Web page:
Brahmaputra   studies



Introduction - The Project among the Sherdukpens - How to write Sherdukpen ? - Sherdukpen society, a brief description - Sherdukpens and their neighbours - The road to the North, Tawang, Tibet and Bhutan - The road to the south, to Kachari country and Assam - Rupa, a fascinating history Language.

(updated 28th June 2012)

The road to the North, Tawang, Tibet and Bhutan

Today, the road to the north brings you out onto the Bomdi Pass (Bomdi La, 2,600 m) where the administrative centre was recently built (see map in the Introduction). But in 1962, during the Chinese attack, Bomdila did not yet exist, the country was covered in jungle, and the road was a path with tigers and elephants roaming around during the summer months. Yet, the path was used by a good number of people, because this was one of the best ways to Dirang and its citadel, and from there on to Tawang, the celebrated temple and trading city, and from there to Tsona in Tibet. The Chinese army used that path or parts of it in 1962 because it goes over the passes, especially through the icy, windy Se La (3300 m) that gives access to, or allows you to escape, the fascinating, secluded Tawang valley – which is a world of its own.

The renovated dzong in Dirang Dzong

Few Sherdukpen people have ever been to Tawang, and the name still has a magical ring. Tawang merchants came down to settle in Rupa, though they were very few in number. They were not alone. They came with monks from Tawang, who were forever claiming the right to tax the country. The intriguing system of large citadels or dzong, some of which (after being restored) still impress the visitor today highlight the chain of power. The most remarkable of these is in Dirang. From Dirang to the North you take the Sela Pass, then you are in Jung and Tawang country; from Dirang to the South you go over the Bomdi Pass and into Sherdukpen country, which opens the way to Assam.

Nuns entering the great Tawang monastery

The second reason why the Tawang merchants were not isolated was their proximity to Bhutan. Today, the border with Bhutan is still rather porous, with local people crossing it easily. The same 'Monpa' language is spoken on both sides, which means that Dirang people understand those in Kalaktang and in eastern Bhutan. Bhutanese traders still come to Rupa every year and are the most reliable in providing a number of essential goods: baskets, furs, hats, coats, skins, and some metal implements. It would seem that, at least over recent years and at present, this kind of slow, discreet form of trade comes more from Bhutan than from Tibet. Of course, the border with China is now a rather formidable feature. But even there...

The road to the south, to Kachari country and Assam

Until the 1970s, every year in November, everybody packed up their things, took their cattle and children, loaded their heavy things on to the back of horses, locked up their houses, and the whole long line slowly moved up to Thungri, an old village. It then moved on and up along the Bugun border to the mountain passes and, after two nights on the road, led the villagers to Doimara, a place located on the Bisiri River, not far from the Assamese Border, where they camped for three or four months in bamboo huts, spending the day hunting and fishing.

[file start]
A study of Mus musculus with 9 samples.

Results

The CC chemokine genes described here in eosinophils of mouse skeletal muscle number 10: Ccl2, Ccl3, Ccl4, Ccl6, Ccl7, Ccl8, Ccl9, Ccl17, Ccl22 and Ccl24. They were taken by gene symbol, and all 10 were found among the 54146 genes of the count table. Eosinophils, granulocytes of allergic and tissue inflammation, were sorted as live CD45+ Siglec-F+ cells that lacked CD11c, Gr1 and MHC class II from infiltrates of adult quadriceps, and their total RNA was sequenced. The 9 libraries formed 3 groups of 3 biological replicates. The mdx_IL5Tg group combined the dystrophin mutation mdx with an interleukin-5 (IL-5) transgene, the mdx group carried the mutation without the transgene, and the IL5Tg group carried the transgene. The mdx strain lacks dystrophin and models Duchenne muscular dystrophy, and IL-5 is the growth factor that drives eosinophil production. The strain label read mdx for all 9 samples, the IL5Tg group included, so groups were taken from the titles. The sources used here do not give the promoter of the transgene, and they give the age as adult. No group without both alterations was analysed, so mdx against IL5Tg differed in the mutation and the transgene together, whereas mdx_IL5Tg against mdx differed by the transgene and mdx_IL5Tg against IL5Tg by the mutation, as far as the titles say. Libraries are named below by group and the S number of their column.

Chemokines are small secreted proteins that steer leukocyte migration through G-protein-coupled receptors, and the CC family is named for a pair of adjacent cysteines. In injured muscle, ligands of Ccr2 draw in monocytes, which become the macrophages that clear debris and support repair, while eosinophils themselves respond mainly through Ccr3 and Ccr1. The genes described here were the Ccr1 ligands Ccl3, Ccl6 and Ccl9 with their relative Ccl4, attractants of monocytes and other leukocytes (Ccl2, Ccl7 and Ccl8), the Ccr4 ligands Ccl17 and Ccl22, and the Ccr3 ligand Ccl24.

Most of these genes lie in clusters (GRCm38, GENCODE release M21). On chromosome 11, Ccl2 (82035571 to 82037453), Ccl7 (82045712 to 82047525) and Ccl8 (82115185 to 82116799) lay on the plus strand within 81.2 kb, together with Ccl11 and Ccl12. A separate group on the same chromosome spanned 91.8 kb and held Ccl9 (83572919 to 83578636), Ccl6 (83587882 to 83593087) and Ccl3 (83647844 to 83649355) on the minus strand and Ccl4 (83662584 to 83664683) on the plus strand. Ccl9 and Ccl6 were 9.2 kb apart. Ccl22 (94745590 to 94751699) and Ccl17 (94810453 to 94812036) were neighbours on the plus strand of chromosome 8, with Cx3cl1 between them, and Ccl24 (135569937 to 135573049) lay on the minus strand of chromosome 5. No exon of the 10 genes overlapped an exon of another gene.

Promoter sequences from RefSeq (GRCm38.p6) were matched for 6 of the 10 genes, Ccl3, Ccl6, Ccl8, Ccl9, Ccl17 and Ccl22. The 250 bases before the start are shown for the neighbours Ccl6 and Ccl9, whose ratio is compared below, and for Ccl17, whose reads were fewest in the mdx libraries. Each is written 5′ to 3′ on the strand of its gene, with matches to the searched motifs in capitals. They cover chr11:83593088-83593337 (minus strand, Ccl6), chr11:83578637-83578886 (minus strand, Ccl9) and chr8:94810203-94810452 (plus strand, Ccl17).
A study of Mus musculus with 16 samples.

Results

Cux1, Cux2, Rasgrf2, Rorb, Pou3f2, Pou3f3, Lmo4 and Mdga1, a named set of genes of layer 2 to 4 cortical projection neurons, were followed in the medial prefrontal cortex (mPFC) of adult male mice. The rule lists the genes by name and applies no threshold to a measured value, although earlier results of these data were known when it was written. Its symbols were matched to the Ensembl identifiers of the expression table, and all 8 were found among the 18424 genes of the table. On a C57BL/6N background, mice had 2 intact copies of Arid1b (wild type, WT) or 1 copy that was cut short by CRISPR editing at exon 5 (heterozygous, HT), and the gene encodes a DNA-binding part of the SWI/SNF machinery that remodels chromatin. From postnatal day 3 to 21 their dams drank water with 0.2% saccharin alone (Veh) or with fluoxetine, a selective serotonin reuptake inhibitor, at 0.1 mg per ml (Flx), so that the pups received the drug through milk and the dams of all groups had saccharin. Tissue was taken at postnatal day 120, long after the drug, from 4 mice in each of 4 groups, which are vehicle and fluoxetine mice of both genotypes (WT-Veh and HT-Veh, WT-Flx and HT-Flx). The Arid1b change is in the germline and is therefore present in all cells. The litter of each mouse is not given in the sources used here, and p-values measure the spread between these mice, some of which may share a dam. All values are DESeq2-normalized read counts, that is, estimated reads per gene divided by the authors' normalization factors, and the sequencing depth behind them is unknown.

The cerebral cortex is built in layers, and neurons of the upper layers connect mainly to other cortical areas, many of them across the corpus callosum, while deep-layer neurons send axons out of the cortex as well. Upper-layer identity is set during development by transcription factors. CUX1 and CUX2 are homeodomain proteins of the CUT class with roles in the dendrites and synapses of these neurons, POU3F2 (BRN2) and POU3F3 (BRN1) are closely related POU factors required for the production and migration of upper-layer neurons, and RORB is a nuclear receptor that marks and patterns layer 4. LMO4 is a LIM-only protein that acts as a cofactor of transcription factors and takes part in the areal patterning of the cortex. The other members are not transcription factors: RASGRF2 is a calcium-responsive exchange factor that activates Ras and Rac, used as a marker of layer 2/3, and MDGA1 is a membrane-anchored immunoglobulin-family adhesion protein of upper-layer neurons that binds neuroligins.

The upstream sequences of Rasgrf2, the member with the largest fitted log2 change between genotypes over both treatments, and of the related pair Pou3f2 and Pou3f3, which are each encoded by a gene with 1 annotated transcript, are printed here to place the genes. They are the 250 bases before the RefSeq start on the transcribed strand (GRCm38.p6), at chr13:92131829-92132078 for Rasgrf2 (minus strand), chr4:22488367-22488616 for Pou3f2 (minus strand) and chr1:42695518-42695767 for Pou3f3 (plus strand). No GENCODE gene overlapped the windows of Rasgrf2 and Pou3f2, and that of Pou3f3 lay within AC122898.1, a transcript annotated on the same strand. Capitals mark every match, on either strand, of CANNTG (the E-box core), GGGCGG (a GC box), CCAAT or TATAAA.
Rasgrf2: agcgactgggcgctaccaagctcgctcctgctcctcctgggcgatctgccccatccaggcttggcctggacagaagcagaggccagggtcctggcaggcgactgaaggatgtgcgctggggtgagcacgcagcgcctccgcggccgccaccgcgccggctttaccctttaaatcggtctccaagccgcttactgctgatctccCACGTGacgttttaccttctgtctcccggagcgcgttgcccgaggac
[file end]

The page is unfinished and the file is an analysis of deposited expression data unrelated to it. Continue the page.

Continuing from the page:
Hardly anything is left now in Doimara proper at the confluence of the two rivers that do not take long to reach Assam. In the 1970s, a settlement was established two kilometres further down for the purpose of sawing timber when the frenzied cutting of trees for cash first started. But a law was recently passed to put a stop to this craze, and the settlement is now reduced to a few people. Nevertheless, a kind a festive revival of the old winter camp takes place there now.

View of the former Doimara camping place: from the 'Merchant's Tripod'

Neither this old settlement where the Sherdukpens spent the winter, nor the new one situated two kilometres away and founded in 1976, is in Assam. They are just above the line where the forest stops and the plains begin. It is as if the Sherdukpens stopped on the very edge of the realm of the Brahmaputra. However, from there you can visit the next Boro or Assamese village, a one- or two-day walk. A continuous fringe of lowland villages was therefore within reach of the Sherdukpen winter camp. This territory, located between the Dhansiri River and the Goburu River, became a kind of kingdom in its own right and where the Tukpen people still own land today.

Sherdukpens still come to these villages every winter, just before Khiksaba, with a triple purpose in mind. The first is to make an offering, in a number of houses in certain villages, of a special Sichuan chili pepper that grows only in the mountains. The second objective is to collect from these houses various goods, the most important of which is a fresh bunch of areca nuts – without which the Khiksaba festival up in Rupa cannot take place. These first two aims are both linked to a kind of trade and a ritual. The third purpose is the renewal of their friendship with traditional family connections in these villages, which are locally called bohita.